Hi there, I'm Angelo, a junior highschool student and I'm just here to know what your opinions are in this matter. Basically, I'm a Christian, and I have read the Bible ( not the whole though ), but after years pass by, I began doubting my religion, not God, but his people. And yes, I believe in God, but why is it so difficult for me to accept that he exists?,I'm starting to think logically about the happenings of the story that's written on the bible, I don't believe in "miracles" that is said to had happened. Any thoughts for this?, anyone?
Hey Angelo! Welcome to the community. Let me say first of all that you've already take the hard first step of being open with yourself in admitting that you're having these doubts, that you're asking these questions, rather than burying them and ignoring them. Just continue to let the evidence take you were it will and you'll never go wrong!
In answer to your question, there's really two reasons that people believe things. Either because they have a reasoned justification for thinking the belief is true or because they have faith that it is true even when there isn't a reasoned justification for thinking that belief is true, and even when reason stands against a justification of the belief.
So, my advice to you is to do what former minister John Loftus advocates for which is to commit to taking an Outsider Test for Faith. Examine the truth claims your faith makes as an outsider would. Examine the truth claims your faith makes the same way you as an outsider to Islam examine the truth claims of that religion. What reason to we have to think that the Muslim claim that Allah exists and Mohammad is his prophet who rose up to heaven on a winged horse is any different qualitatively as the claim that Jesus was the son of god who after being crucified was resurrected and ascended to heaven? Remember, you'll run into a double standard if you say that the Muslim's faith in the truth claims of his religion aren't reasoned while the truth claims of your religion are because neither the Christian or the Muslim has anything but an inner conviction, a faith, that those claims are true. So if you're not prepared to accept the truth claims of Islam then you must consider why you would accept the truth claims of Christianity.
So examine the claims of your faith as an unweighted agnostic, someone who has never before heard of Christianity or indeed even of religion. It's not an easy thing to do because of the culture you were raised in and because of your personal upbringing, but you can do it. And when you do you'll see that Christianity (and none of the other religions) doesn't pass the Outsider Test. But it didn't have to be that way. They could have passed. They just don't.
And so, to come around to your question now, I think in your mind, somewhere in there that you've been trying to ignore, you're already aware of this. And that's why it's been so hard for you to accept that God exists. That reasonable logical skeptical part of your mind, that part of your mind that wants to have as many true beliefs as possible and as few false beliefs, it just won't shut up.
And thank goodness it won't!
Wow! I just joined a day ago and the well thought out replies, like this, are amazing. I look forward to reading more.
Hi Angelo, Nice post. You are certainly getting to grips with some big questions and I hope you find the answers you need. These answers may not be the truth but if it works for you then so be it.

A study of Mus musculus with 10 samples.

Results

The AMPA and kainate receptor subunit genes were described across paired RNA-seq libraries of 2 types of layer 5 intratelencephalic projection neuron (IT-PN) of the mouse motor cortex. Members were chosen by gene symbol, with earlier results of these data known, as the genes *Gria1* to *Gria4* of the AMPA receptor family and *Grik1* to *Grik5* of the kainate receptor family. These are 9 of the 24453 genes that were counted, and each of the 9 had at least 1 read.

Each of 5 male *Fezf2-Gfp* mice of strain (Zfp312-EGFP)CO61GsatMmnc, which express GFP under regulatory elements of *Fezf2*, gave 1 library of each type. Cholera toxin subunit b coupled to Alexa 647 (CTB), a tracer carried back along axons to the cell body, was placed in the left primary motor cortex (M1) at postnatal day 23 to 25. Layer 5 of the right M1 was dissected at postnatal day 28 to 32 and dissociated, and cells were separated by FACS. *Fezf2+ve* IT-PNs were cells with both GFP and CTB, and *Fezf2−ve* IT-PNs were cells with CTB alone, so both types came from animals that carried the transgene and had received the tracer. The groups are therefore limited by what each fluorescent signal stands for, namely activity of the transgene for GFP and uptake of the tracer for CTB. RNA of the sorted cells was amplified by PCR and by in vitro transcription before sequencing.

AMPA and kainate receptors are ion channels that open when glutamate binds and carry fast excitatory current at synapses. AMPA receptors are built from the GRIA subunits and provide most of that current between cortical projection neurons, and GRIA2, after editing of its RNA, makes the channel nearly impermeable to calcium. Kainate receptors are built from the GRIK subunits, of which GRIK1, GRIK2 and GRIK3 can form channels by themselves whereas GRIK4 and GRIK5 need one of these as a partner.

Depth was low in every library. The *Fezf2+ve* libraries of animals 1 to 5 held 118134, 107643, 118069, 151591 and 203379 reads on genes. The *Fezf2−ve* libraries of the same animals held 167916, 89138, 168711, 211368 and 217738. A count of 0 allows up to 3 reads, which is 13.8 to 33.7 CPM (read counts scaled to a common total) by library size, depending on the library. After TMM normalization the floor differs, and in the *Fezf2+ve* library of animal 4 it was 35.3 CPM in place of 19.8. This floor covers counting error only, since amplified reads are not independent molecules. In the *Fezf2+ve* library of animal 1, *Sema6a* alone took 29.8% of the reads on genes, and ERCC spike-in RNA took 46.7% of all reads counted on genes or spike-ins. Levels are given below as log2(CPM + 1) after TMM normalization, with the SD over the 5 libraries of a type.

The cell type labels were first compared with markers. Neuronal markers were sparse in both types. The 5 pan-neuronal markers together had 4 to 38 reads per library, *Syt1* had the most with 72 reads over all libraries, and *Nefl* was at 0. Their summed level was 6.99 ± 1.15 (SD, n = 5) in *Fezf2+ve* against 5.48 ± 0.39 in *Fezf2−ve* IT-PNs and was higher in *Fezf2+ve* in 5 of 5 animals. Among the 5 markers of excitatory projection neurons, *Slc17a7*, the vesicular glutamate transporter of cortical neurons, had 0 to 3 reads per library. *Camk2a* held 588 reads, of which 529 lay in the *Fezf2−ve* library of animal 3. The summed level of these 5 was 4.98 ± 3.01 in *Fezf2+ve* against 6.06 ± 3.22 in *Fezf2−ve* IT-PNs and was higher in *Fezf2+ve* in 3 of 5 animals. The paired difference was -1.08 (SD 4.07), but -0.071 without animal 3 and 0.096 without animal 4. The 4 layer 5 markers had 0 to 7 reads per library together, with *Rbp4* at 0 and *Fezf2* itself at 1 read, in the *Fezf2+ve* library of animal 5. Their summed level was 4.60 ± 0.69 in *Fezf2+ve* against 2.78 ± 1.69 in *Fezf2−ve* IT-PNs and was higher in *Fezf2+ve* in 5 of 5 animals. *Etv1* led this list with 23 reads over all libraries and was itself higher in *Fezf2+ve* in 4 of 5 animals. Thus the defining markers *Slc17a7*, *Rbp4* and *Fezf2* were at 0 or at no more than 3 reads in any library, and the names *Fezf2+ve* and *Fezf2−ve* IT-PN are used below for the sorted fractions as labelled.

My advice is... deconstruct.
Deconstruct everything that has no bearing on what you know and what you observe.
If you think that couldn't happen today then have the mental confidence to realise that couldn't have happened then either.
Religion is about being in a gang. There is something very rewarding about belonging to something. Atheists have no congregations, have no social glue, have no belief that makes them stronger.
All they have is truth, and whilst truth is a noble ally, it is not particularly strong in the face of consensus.
Best of luck.
Hi Angelo. Well done on thinking critically... we all think critically about all kinds of things and now you (as most of us here have done) have naturally applied it to religion. And why shouldn't it be applied to religion? It's entirely normal and healthy to do so.
Here are a couple of truths that I found useful when I started to think like you:
Good luck on your journey.
Suppose you started from a position of nonbelief instead of having the local religion shoved down your intellectual craw from a young age.
Would you then believe that the universe was created by a magical sorcerer people call God? I think you'd see what an incredibly ridiculous notion that is, and that simply not having a belief makes more sense.
To me, one of the most devastating facts, once you consider it, is that people tend to become very emotionally committed to the local religion. It's part of the culture, not a system of truth, like science. If you had been born in India, you'd probably be a Hindu; in Saudi Arabia or Iraq, a Muslim; in Cambodia, a Buddhist; and so on. Once you realize how people come to have a religion, you see that probably none of them are based on truth.
BTW, I always recommend Bertrand Russell's Why I Am Not A Christian, probably because it was the most influential book in terms of my own intellectual journey.
Just keep thinking: Lake Of Eternal Hellfire.
Ha ha ha - that is SOOOO LOVING of you, Jesus, :D
Just keep thinking.
Welcome to the forums. It's good to see people who apply logic and reason to things. I believe the most important questions you can ask yourself are what you believe in and why. The journey down the path of rational thinking can sometimes be difficult but is always rewarding.
If a Christian man dies and he is not married, is he allowed to "spank the monkey" in Heaven? (Eternity is a long, long time).
In Heaven, you'll have no use for your joy stick.
Keep thinking "logically," Angelo, you're almost there.